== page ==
Perhaps it is a symptom of the increasingly complicated nature of modern vehicles, but recent media reports have revealed a shocking lack of basic knowledge among UK motorists. While faults will be picked up by the MOT test and / or during regular servicing, the fact is that, in the event of a breakdown, an awful lot of drivers will be unable to help themselves get moving again. Although the country’s breakdown services are some of the best in the world, they still take time to get to stranded vehicles; this could put people at unnecessary risk, when, with a little knowledge, they could drive themselves out of danger.
A survey was carried out by a leading comparison site, which contacted 2,000 vehicle owners. Amazingly, three quarters of those motorists said they did not feel confident about carrying out what would once have been thought of as elementary tasks which any motorist could do. Top of this list was changing a wheel; if the figure of 2,000 respondents is representative of all UK motorists, this would mean that 11 million road users couldn’t get themselves off the hard shoulder by using the spare wheel in their boot. Having one of these, with a properly inflated, well treaded tyre, is part of the MOT test; it seems, however, that many drivers wouldn’t try to use theirs anyway.
Closely following fear of changing a wheel come; changing the oil, checking the brake fluid level, and testing depth of tyre tread. Again, any of these will fail a vehicle’s MOT test, and with good reason; engines overheat without enough oil, brakes might not perform well enough in emergencies, and worn tyres are dangerous at all times. Being wary of checking tyre treads seems particularly illogical, as this can be done using a 20 pence piece. It seems, however, that 13% of British drivers have never even tried to do this. The most worrying aspect of this, of course, is its implications for the roadworthiness of these vehicles.
Like much else in the 21st century, it seems that age plays a significant part when it comes to confidence around motor vehicles. The difference is quite stark; only 6% of respondents between 17 and 54 years old said they were happy to carry out all basic checks and tasks, while this jumps to 37% for motorists of 55 and upwards. Of course, by definition, the vast majority of this second group have been driving a lot longer than those in the first; however, this does not explain the gulf in confidence when it comes to tackling the most basic of tasks.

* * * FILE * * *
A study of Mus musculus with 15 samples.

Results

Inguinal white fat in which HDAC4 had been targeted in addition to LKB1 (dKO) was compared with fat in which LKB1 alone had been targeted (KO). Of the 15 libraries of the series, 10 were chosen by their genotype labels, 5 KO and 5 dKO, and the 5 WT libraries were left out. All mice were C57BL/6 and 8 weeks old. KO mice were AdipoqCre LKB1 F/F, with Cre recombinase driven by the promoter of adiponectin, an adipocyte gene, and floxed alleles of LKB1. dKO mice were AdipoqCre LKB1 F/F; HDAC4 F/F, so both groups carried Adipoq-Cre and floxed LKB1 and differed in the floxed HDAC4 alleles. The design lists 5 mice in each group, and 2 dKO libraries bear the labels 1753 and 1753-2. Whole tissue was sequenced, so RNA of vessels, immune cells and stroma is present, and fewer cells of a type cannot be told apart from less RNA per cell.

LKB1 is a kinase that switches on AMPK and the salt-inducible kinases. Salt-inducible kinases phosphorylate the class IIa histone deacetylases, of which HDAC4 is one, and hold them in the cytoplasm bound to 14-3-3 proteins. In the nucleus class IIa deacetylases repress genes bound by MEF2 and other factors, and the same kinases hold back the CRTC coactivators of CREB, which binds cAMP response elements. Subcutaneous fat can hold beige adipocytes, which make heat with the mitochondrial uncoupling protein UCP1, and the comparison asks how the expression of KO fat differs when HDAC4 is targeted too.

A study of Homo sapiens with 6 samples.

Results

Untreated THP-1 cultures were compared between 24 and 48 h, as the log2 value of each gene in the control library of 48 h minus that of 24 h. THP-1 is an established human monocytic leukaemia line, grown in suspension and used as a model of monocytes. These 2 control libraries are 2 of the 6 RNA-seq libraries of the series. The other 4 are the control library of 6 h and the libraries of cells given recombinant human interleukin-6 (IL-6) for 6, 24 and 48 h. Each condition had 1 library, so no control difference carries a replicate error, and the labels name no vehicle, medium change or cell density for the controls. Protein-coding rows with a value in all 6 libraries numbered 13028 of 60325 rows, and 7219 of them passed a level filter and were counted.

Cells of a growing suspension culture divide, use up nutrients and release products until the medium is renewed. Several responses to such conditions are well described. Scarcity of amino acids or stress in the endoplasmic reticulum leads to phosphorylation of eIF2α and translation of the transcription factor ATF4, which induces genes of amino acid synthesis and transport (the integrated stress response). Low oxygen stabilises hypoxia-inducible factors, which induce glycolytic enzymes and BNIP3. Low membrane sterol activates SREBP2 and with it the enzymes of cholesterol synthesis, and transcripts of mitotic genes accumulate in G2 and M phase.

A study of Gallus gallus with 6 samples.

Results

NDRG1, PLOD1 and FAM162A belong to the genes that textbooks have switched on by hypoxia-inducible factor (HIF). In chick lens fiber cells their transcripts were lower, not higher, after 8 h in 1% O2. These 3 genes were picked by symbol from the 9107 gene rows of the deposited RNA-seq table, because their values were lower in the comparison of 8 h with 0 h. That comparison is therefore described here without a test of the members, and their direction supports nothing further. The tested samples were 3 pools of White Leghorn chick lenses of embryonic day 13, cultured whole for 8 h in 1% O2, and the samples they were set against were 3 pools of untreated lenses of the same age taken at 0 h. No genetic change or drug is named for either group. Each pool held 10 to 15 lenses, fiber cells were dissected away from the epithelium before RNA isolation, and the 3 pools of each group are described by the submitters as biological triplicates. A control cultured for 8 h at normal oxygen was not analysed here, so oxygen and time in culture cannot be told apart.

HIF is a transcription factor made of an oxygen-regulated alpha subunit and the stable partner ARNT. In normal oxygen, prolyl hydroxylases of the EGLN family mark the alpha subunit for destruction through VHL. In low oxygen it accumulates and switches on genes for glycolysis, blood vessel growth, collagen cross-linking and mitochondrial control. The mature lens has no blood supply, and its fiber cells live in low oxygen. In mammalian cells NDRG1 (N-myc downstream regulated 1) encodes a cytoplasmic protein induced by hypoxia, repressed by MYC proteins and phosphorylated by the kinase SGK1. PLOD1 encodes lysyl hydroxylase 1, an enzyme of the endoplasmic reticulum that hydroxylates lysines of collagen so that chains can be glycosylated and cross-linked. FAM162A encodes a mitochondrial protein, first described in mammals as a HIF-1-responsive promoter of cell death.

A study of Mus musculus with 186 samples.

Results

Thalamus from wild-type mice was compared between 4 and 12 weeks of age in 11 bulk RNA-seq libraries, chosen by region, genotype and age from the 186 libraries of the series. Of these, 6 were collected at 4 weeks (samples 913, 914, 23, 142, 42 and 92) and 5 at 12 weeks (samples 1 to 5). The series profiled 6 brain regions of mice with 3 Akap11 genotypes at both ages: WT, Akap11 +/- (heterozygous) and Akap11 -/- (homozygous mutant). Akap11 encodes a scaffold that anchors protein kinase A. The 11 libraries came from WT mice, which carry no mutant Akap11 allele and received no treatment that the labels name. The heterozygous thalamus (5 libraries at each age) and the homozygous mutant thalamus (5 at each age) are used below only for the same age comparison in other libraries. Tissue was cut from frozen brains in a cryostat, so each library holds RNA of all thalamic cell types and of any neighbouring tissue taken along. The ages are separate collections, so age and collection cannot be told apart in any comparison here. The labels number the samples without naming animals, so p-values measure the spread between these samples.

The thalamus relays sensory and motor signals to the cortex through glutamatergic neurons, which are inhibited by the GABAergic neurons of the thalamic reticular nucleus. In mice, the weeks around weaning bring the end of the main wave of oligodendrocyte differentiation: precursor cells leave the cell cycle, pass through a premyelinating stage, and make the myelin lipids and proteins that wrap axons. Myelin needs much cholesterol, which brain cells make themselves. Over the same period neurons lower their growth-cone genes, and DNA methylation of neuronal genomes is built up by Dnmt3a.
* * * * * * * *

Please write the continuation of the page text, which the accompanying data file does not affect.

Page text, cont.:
It is certainly true that modern motor vehicles are much more complicated than those of earlier generations. As well as computer based technology, design has evolved to maximize aerodynamic, road holding and other performance factors to a huge degree. In combination with “hacks” put on social media, this can lead to misunderstandings when people come across items in their car that they don’t understand. Thinks like water drainage holes in or around doors, for instance, have led some owners to plug them up, which can itself be dangerous.
In many ways, this age gap would seem to be the reverse of the widely held assumption that young people understand computers and the internet, while older people don’t, and are therefore afraid of them. If there is any truth to this scenario, it is at least in part because society as a whole has become dependent on these technologies, whether people like it or not. For a country with an ageing population, it is surely understandable that the future holds some real fears as this situation becomes ever more entrenched. These are matters, however, for politicians to deal with (or not) at national level.
In terms of vehicle maintenance, however, the situation is certainly reversed. The fact is that it is the responsibility of all owners to maintain their vehicle to a roadworthy standard. Failure to do so has serious consequences, in the here and now. Firstly, insurance policies are rendered invalid if owners allow their vehicles to become unroadworthy; and driving an uninsured car on public roads is against the law. Recent changes to that law mean that anyone caught driving an unroadworthy vehicle faces a £2,500 fine, as well as a three point penalty on their driving licence. Being afraid of one’s vehicle, therefore, can be costly for a whole range of reasons.